OHA Awards $7.4M To 27 Projects
OHA News Release
The Board of Trustees of the Office of Hawaiians Affairs voted to award $7.4 million in grants to 27 community-based projects to improve conditions for Native Hawaiians. Almost 4,400 Native Hawaiians are expected to directly benefit from the projects addressing OHA priorities such as battling obesity, improving middle and high school test scores and increasing housing stability.
In addition, thousands more are expected to indirectly benefit from projects to perpetuate the Hawaiian culture and to manage Hawaiian resources sustainably. The grants will fund OHA priorities over a two-year period beginning July 1, 2015, to June 30, 2017. The 27 grantees were selected from 149 proposals that were submitted to OHA.
“These programs will ensure Native Hawaiians are able to be competitive in the 21st century,” said OHA Chair Robert Lindsey, Jr. “The grant money will help our most vulnerable Native Hawaiians access stable housing, find employment and improve their education. This is a small investment with a large impact on our community.”
Two organizations on Molokai were awarded funding.
Kualapu`u Public Conversion Charter School received $270,512 for Project Pu`olo. The program will work to reduce the rate of childhood obesity in students in grades K-6 and empower students and families in making positive health choices through a school-based initiative that integrates physical activity, health and nutrition education, and family engagement with in-school student support and clinical health services.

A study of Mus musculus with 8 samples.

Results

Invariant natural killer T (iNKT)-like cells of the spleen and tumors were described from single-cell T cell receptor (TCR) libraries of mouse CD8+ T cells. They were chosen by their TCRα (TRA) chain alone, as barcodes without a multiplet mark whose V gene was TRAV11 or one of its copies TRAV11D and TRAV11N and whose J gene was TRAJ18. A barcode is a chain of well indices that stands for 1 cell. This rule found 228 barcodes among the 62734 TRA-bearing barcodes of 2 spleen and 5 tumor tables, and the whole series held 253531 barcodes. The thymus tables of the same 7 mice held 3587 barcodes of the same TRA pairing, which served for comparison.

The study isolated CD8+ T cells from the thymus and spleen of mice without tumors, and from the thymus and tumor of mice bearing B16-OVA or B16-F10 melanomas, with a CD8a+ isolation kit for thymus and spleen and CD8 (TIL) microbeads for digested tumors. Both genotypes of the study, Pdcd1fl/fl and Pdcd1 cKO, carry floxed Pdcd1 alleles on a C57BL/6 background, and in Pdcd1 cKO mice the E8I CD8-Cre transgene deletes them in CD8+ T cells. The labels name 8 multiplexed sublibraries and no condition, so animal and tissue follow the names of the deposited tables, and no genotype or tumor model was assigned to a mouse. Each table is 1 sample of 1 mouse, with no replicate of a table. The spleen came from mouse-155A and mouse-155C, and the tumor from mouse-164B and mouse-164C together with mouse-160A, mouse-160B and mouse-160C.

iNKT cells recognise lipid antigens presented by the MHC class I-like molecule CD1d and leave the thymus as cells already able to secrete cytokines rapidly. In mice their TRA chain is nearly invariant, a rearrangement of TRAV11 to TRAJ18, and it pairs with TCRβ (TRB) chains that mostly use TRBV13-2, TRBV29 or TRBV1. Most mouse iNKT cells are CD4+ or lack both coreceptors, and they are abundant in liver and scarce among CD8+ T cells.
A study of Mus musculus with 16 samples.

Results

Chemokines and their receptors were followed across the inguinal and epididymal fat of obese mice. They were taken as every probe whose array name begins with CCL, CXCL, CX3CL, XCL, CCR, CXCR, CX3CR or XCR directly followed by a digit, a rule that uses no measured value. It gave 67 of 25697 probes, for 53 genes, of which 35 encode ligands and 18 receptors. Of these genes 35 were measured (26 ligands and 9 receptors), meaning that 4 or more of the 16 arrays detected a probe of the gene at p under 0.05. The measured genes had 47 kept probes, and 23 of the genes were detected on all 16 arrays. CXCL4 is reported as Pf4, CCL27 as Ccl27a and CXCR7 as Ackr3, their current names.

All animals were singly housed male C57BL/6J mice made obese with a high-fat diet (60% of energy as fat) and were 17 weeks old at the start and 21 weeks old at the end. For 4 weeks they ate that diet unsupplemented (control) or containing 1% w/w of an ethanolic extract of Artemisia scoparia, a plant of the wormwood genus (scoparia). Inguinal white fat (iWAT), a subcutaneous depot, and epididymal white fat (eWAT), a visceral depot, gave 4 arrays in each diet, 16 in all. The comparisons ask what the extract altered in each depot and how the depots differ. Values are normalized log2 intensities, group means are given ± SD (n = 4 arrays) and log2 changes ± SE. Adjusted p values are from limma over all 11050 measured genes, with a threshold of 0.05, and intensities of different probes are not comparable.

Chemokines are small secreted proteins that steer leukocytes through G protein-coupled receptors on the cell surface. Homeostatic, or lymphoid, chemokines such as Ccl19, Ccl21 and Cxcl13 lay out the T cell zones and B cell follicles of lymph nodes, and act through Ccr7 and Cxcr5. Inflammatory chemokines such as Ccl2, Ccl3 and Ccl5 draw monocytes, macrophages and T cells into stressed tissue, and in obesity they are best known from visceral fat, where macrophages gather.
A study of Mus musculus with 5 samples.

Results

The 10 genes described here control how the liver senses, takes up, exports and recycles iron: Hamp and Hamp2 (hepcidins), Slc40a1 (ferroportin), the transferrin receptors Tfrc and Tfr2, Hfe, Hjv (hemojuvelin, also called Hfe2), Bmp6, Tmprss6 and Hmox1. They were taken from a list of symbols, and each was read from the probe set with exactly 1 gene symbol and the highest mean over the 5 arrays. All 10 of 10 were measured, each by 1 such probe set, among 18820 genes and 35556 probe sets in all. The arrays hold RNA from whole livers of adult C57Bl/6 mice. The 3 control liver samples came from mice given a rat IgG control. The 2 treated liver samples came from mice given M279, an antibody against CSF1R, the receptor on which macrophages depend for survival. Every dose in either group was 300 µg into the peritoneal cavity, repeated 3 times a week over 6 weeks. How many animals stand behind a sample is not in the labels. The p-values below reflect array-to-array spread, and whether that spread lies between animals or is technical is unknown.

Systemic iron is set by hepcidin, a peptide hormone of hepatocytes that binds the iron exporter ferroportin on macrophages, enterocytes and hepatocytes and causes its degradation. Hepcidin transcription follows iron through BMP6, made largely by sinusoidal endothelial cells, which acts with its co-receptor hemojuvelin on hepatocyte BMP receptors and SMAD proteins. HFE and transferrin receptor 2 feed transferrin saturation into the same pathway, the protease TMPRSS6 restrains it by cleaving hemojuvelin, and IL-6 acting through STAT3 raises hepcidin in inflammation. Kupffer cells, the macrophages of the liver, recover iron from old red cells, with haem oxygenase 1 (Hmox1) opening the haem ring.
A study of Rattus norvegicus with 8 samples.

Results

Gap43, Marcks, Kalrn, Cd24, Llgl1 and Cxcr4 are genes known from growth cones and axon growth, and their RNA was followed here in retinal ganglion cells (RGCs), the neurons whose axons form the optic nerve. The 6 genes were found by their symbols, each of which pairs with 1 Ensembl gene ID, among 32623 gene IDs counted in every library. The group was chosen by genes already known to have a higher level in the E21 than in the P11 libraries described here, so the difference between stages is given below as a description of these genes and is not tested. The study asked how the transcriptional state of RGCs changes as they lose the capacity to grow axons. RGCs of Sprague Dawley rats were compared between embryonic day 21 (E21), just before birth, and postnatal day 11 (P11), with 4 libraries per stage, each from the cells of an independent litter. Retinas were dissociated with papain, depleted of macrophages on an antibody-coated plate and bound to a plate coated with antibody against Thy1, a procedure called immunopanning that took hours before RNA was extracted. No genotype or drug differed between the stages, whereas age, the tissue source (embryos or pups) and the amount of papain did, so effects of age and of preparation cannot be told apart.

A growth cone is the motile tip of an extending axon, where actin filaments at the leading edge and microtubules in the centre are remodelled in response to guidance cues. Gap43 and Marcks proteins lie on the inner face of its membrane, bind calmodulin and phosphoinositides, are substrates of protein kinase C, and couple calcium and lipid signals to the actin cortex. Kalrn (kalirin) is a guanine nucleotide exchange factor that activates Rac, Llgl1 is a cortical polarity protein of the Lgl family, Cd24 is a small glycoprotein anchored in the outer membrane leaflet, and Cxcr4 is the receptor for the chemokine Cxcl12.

Ka Honua Momona International was awarded $200,000. The purpose of this project is to return momona (health and abundance) to the land and people of Molokai through the community-based restoration of two ancient Hawaiian fishponds.
Other funded programs will benefit Molokai along with other islands, such as Kohe Malamalama o Kanaloa – Protect Kaho`olawe Fund, which received $129,100. I Ola Kanaloa will strengthen the cultural identity and engagement of Native Hawaiian haumana, hui, and `ohana on Hawaii, Maui, Molokai, Oahu and Kauai by providing them the opportunity to connect with, honor and care for the `aina and cultural sites; revitalize cultural relationships; and learn cultural practices and protocols through Kaho`olawe.